I requested a review copy of this book from the publisher.
Hillary Leftwich’s flash fiction collection ‘Ghosts Are Just Strangers Who Know How To Knock’ is an arresting read from the very beginning. She is a true master of the form, leading the reader through a world populated by ghosts, both literal and figurative, that ask as many questions as they answer.
This is a collection of stories about what it is to feel, to be human, in a world not always gentle. Leftwich comments on intimacy between strangers, and how people reach out to each other to feel less alone, even though the connection can be tenuous at best. She explores the personification of objects in the quest for relationship, the way human characteristics are projected onto the inanimate as we struggle to find someone who understands, who sees us as we are, and who feels our pain.
Hillary dives deep into heartbreak; its impact on how we see ourselves in the world, and how loss changes us irrevocably. In ‘You Can Always Come Back’, the narrator laments the death of a childhood friend, and reflects on how the knowledge of his passing causes her to re-examine the choices she’s made, and the current of regret that washes over her as she reflects on what might have been. In ‘Clean’, the narrator recounts the stories told to her by a work colleague, entwining them with moments from her own past, culminating in a moment of sharp reflection on how grief and despair change how people see and interact with each other. Leftwich deftly weaves the magical with the real, offering the reader moments of relief against the intensity of her storytelling.
Flash fiction can be a challenge to write but Hillary Leftwich rises to the occasion. She is a master of the form and her skill is evident in her tight and fearless writing. Her layer building in ‘Praise the Lord and Pass the Ammunition’ slowly builds tension, with a single detail echoing in the red lipstick worn by the women. There is more echo in ‘One Good Dress’, in which the colour blue and the titular dress make repeated appearances, each in a different context. Hillary uses a variety of characters and voice to keep the reader engaged and the stories fresh. Some are instantly relatable; others make the reader recoil, but the purpose of this is to encourage reflection on reaction. This subtle metathinking adds incredible depth to the reading experience.
Leftwich uses a vast spectrum of different forms, and students of flash fiction will recognise them immediately. From playing with different arrangements as in ‘Dead Boys’, she also veers into the poetic, instructional, mosaic flash, and hermit crab forms, among others. The collection as a whole is a wonderful demonstration of how different and invigorating flash fiction can be. There is just enough sensory detail to bring scenes to vivid life:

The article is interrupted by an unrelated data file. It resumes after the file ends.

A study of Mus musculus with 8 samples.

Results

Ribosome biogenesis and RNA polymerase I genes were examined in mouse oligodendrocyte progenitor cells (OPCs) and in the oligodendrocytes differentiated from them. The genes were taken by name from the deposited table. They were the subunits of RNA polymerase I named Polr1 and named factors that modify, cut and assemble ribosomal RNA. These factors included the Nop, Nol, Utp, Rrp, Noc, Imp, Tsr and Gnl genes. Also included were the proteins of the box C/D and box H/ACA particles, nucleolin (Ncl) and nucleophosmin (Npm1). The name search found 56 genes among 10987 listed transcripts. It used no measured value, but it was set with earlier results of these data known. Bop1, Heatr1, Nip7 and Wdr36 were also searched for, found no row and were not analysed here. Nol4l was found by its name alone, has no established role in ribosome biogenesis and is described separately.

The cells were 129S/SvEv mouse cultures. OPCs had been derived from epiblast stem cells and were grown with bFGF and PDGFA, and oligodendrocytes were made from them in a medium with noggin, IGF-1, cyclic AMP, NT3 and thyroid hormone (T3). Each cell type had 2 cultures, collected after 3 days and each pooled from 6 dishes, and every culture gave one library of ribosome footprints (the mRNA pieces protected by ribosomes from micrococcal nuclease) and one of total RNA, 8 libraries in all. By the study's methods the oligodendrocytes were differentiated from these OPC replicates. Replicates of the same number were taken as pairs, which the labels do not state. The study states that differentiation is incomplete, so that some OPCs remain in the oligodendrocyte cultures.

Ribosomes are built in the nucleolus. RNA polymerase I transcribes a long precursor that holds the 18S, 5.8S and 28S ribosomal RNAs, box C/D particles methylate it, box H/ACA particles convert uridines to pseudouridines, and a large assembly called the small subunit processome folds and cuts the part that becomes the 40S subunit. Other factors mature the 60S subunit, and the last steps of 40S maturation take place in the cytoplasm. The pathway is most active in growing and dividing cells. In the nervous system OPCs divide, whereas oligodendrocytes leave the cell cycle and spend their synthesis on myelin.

The skirts and tunics flap like pinned birds in the breeze. He smells aging fires and hears young laughter.
And from another story:
In another moment, we could have been sitting at a wooden picnic table in a park, swatting summer flies, watching dogs squirm in wet grass, and kids piss in their red cotton shorts.
There is also rich simile and metaphor, and Hillary seizes on the unexpected and unusual, avoiding the obvious in favour of more striking comparisons:
I sort through them like tangled Christmas ornaments, looking for you.
The stories vary in length from a few sentences to a few pages, but each one strikes a balance between arriving late and leaving early – starting and finishing on just the right note to give the story resonance, and have it stay with the reader. This ending from ‘Me And My Boy’ is a perfect exemplar:
Me and boy, we don’t say a word.
There is just enough here to make the rest of the story hum, without feeding the reader an obvious conclusion or trying too hard to neaten things up.
Ghosts Are Just Strangers Who Know How To Knock is a masterclass in short form writing. Sometimes shocking, sometimes heartbreaking, it collects moments of beauty and pain in a testament to the human desire for love, acceptance, and understanding. This book is both a worthy addition to the shelves of fans of flash fiction, and a brilliant introduction for those new to the form. With its extensive range and diverse cast, there is something in this book for everyone.
Ghosts Are Just Strangers Who Know How To Knock is available from Civil Coping Mechanisms.